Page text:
Friday, 18 April 2008

Clean Sweep 36

A round-up of recent news in clean technology and cleantech investment.

In a corporate deal, Coventry-based Geothermal International has raised up to £15m from utility group Scottish and Southern Energy (SSE).
SSE takes a 20% stake in the company which, as the name might suggest, designs and installs ground-source heating and cooling systems - with over 1300 systems totalling over 90MW capacity installed since 2000, mostly in the commercial building sector.
The deal gives SSE a foothold in the rapidly-growing geothermal sector, complementing its extensive renewables holdings - the utility reckons it has around 1,900MW of renewable generation capacity, bolstered by its acquisition of Anglo-Irish wind developer Airtricity earlier this year. The group's also active in areas such as fuel cell research.

Private equity seems to be looking at the public market for clean investments. One Equity Partners, a fund manager for JP Morgan, is investing $150m in AIM-listed Clipper Windpower. One Equity will pay a price equivalent to lower of 48p, or Clipper's share price average over five days up to 4 May, with the California-based company retaining the option of cancelling the deal if its share price drops dramatically.
The funding will help the turbine manufacturer clear debt and deliver its new 2.5MW Liberty turbine. California-based Clipper also raised $50m from institutional investors last month.
The UK Crown Estate has meanwhile agreed to buy the prototype of Clipper's new offshore turbine, the mammoth 7.5MW 'Britannia'. The Guardian has details.

Elsewhere on AIM, investment big shot Vincent Tchenguiz is reportedly mulling a take-private of renewables generator Econergy International. Econergy's share price, which has fallen by around two-thirds in the past six months, perked up very slightly on the news.

Across the pond, VCs have been a bit more active, with deals in the three big energy arenas.
In solar, thin-film silicon developer Optisolar raised just under $3m from Kensington Capital Partners towards a new Californian manufacturing plans and some 10MW solar farms in sunny Ontario.
In wind, small vertical-axis turbine (or 'Windspire') developer Mariah Power raised a post-seed $500,000 from Greenhouse Capital Partners and Big Sky Partners. The Nevada-based company is targeting a $10m first round.
And in biofuels, Greenline Industries raised $20m from Leaf Clean Energy. The California company is commercialising a water-free production process for biodiesel from seed oils and animal fats (a tougher sell to your traditional green consumer, I'd imagine).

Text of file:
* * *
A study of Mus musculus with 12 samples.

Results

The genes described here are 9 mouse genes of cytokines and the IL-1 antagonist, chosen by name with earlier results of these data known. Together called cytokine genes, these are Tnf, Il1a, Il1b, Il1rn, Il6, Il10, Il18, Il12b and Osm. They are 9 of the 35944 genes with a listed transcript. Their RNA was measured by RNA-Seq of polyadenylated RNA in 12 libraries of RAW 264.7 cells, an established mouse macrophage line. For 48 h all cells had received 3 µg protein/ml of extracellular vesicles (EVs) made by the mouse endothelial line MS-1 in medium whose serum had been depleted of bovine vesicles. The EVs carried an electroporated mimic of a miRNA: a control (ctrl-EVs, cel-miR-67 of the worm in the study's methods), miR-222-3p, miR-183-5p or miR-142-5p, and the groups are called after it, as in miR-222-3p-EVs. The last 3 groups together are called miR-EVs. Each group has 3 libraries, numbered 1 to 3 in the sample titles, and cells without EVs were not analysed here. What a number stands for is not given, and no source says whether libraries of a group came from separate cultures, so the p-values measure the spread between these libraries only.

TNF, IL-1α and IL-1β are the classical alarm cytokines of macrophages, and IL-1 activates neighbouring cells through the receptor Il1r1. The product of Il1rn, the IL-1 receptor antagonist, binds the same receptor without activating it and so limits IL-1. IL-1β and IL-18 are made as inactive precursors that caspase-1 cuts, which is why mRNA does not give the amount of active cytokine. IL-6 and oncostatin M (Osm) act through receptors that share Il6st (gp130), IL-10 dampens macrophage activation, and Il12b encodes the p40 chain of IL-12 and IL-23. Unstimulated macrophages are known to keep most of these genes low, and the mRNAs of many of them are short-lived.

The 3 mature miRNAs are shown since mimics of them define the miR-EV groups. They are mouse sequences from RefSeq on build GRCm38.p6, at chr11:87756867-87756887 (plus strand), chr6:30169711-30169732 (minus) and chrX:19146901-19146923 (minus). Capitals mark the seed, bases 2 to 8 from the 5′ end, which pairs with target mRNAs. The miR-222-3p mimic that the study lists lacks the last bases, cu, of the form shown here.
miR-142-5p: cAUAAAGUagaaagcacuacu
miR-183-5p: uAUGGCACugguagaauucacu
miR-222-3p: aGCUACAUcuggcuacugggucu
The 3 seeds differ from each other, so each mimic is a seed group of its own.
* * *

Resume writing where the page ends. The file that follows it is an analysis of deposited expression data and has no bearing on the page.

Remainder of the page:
Fund news
UK clean energy quango supreme Carbon Trust has scooped a fairly high profile name for its VC wing - former BVCA chief executive Peter Linthwaite, who joins CT Investment Partners as managing partner. Linthwaite, a veteran of Murray Johnstone and Royal London Private Equity, will 'look to develop further CTIP’s leading market position in the rapidly growing clean energy sector'.
Carbon Trust Investments is one of the most active investors in the UK cleantech - recent investments include power supply unit developer CamSemi and biofuel fermentation group Green Biologics.

Big news for funds across Asia - seen by many as the real big market for cleantech. Asian Development Bank is putting up to $100m into each of five selected clean energy VCs. The lucky five are MAP Clean Energy Fund, China Environment Fund III, GEF South Asia Clean Energy Fund, Asia Clean Energy Fund and China Clean Energy Capital. Environmental Finance has the details.

Further reading
European wind energy is one area that's seen its peak of investment, according to new figures from the Cleantech Group. Along with your bog-standard bio-ethanol, European wind deals peaked in mid-2006, while the sun started to set on thin-film solar in 2007.
First quarter figures for 2008 for investment across all cleantech categories in North America, Europe and Israel still totalled $1.25bn - this was up 40% from Q1 2007, despite a decline on a quarter-by-quarter basis. The analyst's mood is one of "tempered optimism", with next-gen biofuels, wind turbines and new solar technologies still looking good.
Preliminary first-quarter figures from UK research house New Energy Finance (as reported by WSJ online) tell a slightly different story, however. Venture capital and private equity investment totalled $2.4bn, down from $3.7bn in Q1 '07. VC held up better than later-stage private equity, however - largely the result of the credit crunch and general market slowdown. NEF also highlights a shortage of talented management for growing clean energy firms.

In one small step for a much-vaunted new economy, the UK now has its first hydrogen gas fuelling station - in Birmingham.
The pilot station is hosted by the University of Birmingham's department of chemical engineering, which is leading a number of hydrogen-fuel research projects.
The gas is provided by Basingstoke-based Green Gases, which uses all-renewable energy to power its electrolysis process. The university has also bought five hydrogen-powered vehicles from Microcab Industries, based in nearby Coventry.